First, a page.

Addressing a press conference after the conclusion of the annual session of China's National Legislature, Li said that the two leaders had agreed to push forward China-US relations after Trump took office and his administration stated that it will follow the one-China policy.
Li said "diplomatic authorities of the two countries are already engaged concerning a face-to-face meeting" between the two Presidents, reported Xinhua news agency.
The China-US relationship is crucial not just to the two countries themselves, but also to regional and global peace, security and stability, said Li.
"Though there are still differences between the two countries over issues such as jobs, the exchange rate, and security, it is important for both countries to uphold strategic interests, sit down to talk to each other, so as to enhance mutual understanding and trust," he said.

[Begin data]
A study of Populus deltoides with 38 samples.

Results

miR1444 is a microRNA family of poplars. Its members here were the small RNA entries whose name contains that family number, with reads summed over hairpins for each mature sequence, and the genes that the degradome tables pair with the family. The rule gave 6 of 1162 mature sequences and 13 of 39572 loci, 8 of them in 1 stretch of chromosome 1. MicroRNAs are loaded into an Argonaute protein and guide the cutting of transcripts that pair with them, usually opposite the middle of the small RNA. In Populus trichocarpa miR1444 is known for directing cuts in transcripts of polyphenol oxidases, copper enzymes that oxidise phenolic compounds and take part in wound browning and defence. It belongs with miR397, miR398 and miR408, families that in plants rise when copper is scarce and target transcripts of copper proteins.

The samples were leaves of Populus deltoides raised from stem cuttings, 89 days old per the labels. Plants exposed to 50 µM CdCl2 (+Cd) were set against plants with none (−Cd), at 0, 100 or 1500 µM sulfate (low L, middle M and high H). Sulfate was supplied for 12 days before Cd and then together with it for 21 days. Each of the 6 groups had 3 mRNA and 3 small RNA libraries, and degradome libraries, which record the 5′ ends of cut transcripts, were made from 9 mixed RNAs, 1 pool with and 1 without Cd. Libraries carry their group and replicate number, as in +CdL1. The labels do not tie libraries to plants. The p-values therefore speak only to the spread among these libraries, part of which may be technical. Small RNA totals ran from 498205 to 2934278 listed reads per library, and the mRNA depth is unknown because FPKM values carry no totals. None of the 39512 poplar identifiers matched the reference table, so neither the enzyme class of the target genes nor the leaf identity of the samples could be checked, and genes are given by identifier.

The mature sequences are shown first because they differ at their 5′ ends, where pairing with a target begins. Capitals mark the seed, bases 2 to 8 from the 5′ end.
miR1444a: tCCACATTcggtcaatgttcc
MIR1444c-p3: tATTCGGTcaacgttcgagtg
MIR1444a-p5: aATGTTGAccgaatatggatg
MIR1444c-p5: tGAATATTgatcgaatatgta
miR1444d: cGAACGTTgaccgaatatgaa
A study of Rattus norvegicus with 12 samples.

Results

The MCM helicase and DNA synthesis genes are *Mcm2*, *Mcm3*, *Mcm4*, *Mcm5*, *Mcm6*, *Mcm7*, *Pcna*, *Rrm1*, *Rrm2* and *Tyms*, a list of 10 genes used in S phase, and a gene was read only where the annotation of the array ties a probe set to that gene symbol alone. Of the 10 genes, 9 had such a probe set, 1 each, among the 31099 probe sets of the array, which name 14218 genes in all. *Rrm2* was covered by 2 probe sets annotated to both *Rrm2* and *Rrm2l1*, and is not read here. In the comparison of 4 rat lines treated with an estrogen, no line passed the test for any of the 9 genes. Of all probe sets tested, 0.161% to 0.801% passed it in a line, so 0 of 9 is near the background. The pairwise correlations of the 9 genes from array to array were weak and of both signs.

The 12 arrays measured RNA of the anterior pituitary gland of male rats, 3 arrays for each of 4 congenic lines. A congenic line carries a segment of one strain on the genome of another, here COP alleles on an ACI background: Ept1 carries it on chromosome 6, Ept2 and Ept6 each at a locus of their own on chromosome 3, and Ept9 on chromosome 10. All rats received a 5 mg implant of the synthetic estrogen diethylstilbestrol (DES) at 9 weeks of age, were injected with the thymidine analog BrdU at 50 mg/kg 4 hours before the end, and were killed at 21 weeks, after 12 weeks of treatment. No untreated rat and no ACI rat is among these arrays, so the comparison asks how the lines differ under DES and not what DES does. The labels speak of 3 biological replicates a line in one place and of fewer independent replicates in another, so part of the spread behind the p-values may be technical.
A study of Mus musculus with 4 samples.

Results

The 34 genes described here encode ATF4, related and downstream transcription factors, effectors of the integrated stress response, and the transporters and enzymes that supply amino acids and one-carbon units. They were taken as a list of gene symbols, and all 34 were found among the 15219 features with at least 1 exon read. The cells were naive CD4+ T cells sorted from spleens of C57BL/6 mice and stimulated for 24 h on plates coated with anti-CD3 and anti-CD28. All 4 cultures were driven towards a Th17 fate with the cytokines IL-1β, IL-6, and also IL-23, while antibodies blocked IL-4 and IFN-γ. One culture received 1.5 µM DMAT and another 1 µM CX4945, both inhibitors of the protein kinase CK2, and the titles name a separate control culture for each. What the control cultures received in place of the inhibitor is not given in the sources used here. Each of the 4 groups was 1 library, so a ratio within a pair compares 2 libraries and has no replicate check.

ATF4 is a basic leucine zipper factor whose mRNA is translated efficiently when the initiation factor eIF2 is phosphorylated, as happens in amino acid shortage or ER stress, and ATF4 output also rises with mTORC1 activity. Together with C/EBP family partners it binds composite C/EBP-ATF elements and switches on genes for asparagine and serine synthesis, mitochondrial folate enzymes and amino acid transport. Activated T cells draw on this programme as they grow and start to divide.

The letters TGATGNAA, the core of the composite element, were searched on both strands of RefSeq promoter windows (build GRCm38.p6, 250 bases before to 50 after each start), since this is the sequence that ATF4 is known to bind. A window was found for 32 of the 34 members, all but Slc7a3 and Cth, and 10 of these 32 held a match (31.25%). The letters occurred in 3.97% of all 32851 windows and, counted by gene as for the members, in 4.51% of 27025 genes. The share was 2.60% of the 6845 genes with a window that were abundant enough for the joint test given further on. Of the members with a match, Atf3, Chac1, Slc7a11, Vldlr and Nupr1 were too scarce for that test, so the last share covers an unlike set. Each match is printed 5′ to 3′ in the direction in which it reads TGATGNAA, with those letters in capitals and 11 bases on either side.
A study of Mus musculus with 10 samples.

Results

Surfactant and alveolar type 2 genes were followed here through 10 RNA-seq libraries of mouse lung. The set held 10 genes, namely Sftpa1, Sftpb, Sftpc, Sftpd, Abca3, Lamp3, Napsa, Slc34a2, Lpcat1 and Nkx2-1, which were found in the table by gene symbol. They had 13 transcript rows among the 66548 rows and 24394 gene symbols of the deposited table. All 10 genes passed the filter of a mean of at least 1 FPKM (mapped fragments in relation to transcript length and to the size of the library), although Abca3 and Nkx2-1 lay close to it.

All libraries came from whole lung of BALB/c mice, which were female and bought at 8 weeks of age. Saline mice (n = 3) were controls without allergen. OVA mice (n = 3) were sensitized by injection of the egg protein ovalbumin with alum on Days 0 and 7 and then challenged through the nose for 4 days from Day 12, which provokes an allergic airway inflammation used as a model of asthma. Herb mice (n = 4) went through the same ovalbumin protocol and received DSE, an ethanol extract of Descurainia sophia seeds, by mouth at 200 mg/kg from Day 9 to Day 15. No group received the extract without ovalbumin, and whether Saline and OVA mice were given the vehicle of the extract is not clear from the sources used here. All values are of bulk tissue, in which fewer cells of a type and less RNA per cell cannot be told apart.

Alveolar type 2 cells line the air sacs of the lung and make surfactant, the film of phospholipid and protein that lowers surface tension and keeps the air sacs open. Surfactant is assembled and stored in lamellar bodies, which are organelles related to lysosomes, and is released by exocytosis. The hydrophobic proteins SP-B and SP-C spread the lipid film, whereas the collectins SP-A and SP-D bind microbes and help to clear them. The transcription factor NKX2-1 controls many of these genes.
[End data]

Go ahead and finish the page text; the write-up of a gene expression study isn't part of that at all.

Li also said that China does not want to see a trade war between the world's biggest and second biggest economies.
"That would not make our trade fairer and it hurts us both," he said. If there were a trade war, it would be foreign-funded companies, particularly US firms, that would first bear the brunt, Li said, citing an article written by an authoritative international think tank.
Li also struck a confident tone in the country's financial stability, ruling out the possibility of systemic risks as "the country has plenty of policy options at its disposal".
"China's financial system is generally safe," he said at the press conference.
China's budget deficit to GDP ratio stands below three per cent, the capital adequacy ratio of commercial banks is 13 per cent and their provision coverage ratio is at 176 per cent, all above the international standards for financial security, Li cited a set of data to support his view.
Acknowledging potential risks in the financial sector, Li said the government will take them seriously and adopt prompt and targeted measures to prevent them from spreading.
China will "fasten the seat belt" and prevent any "acute outburst" of financial risks on the track for maintaining medium-high growth speed, Li said.
(This story has not been edited by Business Standard staff and is auto-generated from a syndicated feed.)